Complete the CandidatePool practice problem before reviewing the solution.

Review the CandidatePool solution with AP CS Tutor Brandon Horn.

Part (a) getCandidatesForPosition method

public ArrayList<Candidate> getCandidatesForPosition(String position)
    ArrayList<Candidate> candidates = new ArrayList<Candidate>();

    for (Candidate candidate : pool)
        if (candidate.getPosition().equals(position))

    return candidates;

This problem requires students to traverse a list and check something about each element for equality with a parameter. Matching elements must be inserted into a list declared, initialized, and returned by the student. The solution above demonstrates a for each loop with which students need to be familiar.

List traversal is commonly tested as is the ability to accurately check values for equality (== for primitive types, equals for object types). Students must also be able to properly declare, initialize, and work with ArrayList objects.

Part (b)

public Candidate getBestCandidate(String position)
    ArrayList<Candidate> candidates = getCandidatesForPosition(position);

    if (candidates.size() == 0)
        return null;

    Candidate bestCandidate = candidates.get(0);

    for (int i = 1; i < candidates.size(); i++)
        if (candidates.get(i).getInterviewScore() > bestCandidate.getInterviewScore())
            bestCandidate = candidates.get(i);

    return bestCandidate;

Finding and returning the minimum or maximum from a list of elements is commonly tested. The standard algorithm is to check each value against the min/max so far. If the list is known to contain at least 1 element, the first element should be used as the initial value.

This problem does not specifically require students to use the method from Part (a), though doing so does make the problem easier. On the AP CS A Exam, the newer free response questions are often explicit if correct use of an existing method is required. Solutions that attempt to reimplement functionality rather than call an existing method rarely receive full credit.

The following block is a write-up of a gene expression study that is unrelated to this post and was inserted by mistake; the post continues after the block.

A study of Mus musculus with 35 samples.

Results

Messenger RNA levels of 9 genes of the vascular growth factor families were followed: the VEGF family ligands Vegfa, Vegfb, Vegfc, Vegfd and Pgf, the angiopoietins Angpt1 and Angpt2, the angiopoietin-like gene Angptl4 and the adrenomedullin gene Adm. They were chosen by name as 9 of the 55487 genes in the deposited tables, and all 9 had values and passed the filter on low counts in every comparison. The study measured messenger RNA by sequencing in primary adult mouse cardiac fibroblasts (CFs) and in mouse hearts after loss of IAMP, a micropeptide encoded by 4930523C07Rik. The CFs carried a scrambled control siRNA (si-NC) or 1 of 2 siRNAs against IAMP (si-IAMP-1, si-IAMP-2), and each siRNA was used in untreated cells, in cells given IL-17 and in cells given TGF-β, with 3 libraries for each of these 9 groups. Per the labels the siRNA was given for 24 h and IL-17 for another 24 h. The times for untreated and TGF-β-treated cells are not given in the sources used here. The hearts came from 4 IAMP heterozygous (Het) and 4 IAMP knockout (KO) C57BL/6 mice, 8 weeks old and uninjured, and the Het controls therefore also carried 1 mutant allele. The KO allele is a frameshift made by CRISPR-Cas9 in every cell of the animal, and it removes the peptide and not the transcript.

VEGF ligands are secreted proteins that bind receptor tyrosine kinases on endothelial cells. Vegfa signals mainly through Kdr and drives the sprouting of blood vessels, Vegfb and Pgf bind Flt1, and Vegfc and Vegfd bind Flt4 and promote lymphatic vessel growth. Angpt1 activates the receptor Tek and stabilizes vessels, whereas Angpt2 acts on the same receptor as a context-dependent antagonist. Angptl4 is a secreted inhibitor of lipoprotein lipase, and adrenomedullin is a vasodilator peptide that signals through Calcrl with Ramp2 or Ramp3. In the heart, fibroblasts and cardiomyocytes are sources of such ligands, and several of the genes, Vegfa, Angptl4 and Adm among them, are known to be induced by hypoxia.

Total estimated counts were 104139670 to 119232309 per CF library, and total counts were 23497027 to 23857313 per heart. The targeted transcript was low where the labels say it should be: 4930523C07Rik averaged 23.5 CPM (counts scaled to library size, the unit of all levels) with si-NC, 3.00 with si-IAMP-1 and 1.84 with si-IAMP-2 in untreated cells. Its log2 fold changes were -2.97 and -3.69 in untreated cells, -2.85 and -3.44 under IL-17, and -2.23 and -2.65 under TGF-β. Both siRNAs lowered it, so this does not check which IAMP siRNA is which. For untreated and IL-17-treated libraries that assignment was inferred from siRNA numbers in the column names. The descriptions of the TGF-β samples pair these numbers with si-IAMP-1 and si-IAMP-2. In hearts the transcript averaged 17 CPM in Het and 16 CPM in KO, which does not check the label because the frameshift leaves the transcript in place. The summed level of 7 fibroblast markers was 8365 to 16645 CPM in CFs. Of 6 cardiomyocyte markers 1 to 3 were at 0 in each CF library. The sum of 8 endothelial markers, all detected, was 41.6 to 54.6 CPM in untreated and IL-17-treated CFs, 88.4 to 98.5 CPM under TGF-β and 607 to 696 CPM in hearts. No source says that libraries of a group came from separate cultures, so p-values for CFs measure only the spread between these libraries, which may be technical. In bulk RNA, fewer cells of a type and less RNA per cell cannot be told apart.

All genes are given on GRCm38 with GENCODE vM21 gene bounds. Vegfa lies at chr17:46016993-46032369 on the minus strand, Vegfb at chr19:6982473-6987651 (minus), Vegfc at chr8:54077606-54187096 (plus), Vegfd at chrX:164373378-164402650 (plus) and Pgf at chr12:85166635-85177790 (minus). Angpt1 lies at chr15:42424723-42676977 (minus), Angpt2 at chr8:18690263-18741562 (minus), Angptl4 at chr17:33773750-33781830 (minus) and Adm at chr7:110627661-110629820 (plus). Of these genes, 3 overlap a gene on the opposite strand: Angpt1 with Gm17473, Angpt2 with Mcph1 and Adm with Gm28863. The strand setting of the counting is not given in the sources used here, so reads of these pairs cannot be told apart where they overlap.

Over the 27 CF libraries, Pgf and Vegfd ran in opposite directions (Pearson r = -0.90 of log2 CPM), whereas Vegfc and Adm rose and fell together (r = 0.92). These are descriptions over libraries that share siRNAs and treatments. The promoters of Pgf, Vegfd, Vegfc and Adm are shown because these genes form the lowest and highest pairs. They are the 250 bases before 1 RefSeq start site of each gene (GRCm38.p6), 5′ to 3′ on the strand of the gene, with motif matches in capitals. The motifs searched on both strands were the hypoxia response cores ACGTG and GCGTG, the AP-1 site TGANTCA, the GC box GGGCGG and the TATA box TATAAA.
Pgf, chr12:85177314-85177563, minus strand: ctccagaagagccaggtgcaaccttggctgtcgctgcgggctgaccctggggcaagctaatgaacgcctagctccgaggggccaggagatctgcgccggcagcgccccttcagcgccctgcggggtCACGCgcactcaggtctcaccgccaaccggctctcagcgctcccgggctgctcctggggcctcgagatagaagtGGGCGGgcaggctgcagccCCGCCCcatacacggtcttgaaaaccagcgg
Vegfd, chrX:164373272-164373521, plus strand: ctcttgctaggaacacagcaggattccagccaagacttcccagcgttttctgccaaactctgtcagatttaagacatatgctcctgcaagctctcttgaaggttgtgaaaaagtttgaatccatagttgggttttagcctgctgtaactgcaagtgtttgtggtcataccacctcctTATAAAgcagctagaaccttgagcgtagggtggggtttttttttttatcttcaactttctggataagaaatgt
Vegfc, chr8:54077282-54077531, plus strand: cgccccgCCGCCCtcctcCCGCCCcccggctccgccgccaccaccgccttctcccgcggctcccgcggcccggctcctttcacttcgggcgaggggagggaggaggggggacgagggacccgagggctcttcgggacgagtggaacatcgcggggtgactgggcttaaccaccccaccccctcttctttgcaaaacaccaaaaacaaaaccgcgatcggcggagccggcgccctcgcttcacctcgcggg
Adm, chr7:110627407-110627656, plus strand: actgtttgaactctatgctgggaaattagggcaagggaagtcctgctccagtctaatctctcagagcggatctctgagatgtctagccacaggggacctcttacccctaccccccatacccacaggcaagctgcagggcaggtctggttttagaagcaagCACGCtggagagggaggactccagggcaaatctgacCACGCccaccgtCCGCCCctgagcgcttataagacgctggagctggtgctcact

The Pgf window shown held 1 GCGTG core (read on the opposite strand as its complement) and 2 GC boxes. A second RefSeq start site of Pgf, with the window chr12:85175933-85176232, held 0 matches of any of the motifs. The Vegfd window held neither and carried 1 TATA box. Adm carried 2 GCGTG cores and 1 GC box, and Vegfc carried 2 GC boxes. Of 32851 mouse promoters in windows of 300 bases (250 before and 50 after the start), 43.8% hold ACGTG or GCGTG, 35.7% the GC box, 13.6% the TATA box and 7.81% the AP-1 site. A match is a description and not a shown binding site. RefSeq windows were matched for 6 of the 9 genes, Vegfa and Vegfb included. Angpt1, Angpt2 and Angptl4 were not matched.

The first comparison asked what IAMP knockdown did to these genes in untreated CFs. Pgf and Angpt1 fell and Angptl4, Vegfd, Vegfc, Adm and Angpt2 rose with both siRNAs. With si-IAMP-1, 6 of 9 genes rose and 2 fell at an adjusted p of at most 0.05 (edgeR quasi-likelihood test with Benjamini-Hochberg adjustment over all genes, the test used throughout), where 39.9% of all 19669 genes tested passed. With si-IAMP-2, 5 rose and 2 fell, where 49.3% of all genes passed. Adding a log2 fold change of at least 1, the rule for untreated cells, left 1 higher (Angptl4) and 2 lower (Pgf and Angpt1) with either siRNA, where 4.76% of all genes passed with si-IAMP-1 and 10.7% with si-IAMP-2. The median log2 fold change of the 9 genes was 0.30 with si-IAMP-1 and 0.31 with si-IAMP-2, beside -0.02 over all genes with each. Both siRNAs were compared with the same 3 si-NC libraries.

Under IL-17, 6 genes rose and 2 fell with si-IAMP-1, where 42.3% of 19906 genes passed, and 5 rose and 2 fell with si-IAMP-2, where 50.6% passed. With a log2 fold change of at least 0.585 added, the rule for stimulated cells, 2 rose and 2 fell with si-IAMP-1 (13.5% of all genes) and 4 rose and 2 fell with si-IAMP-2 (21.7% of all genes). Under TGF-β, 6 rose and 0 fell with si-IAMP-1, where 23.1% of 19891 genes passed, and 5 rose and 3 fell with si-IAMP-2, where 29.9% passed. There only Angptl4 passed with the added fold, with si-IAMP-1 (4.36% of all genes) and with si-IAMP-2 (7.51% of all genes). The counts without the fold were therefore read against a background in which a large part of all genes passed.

This problem also requires that students handle a special case differently from the normal case. The method returns null if there are no matching candidates. This is a common requirement and is easily addressed by paying close attention to the problem description.

Part (c) removeCandidatesForPosition method

public int removeCandidatesForPosition(String position)
    int removed = 0;

    for (int i = pool.size() - 1; i >= 0; i--)
        if (pool.get(i).getPosition().equals(position))

    return removed;

Removal of elements matching some criteria is commonly tested. The solution above traverses the list backwards to prevent the shift that occurs when an element is removed from affecting the check of subsequent elements. Other techniques for addressing this issue also work. Note that a for each loop cannot be used to remove elements.

This problem requires students to track the number of elements removed. Students are often asked to keep track of something about the elements removed.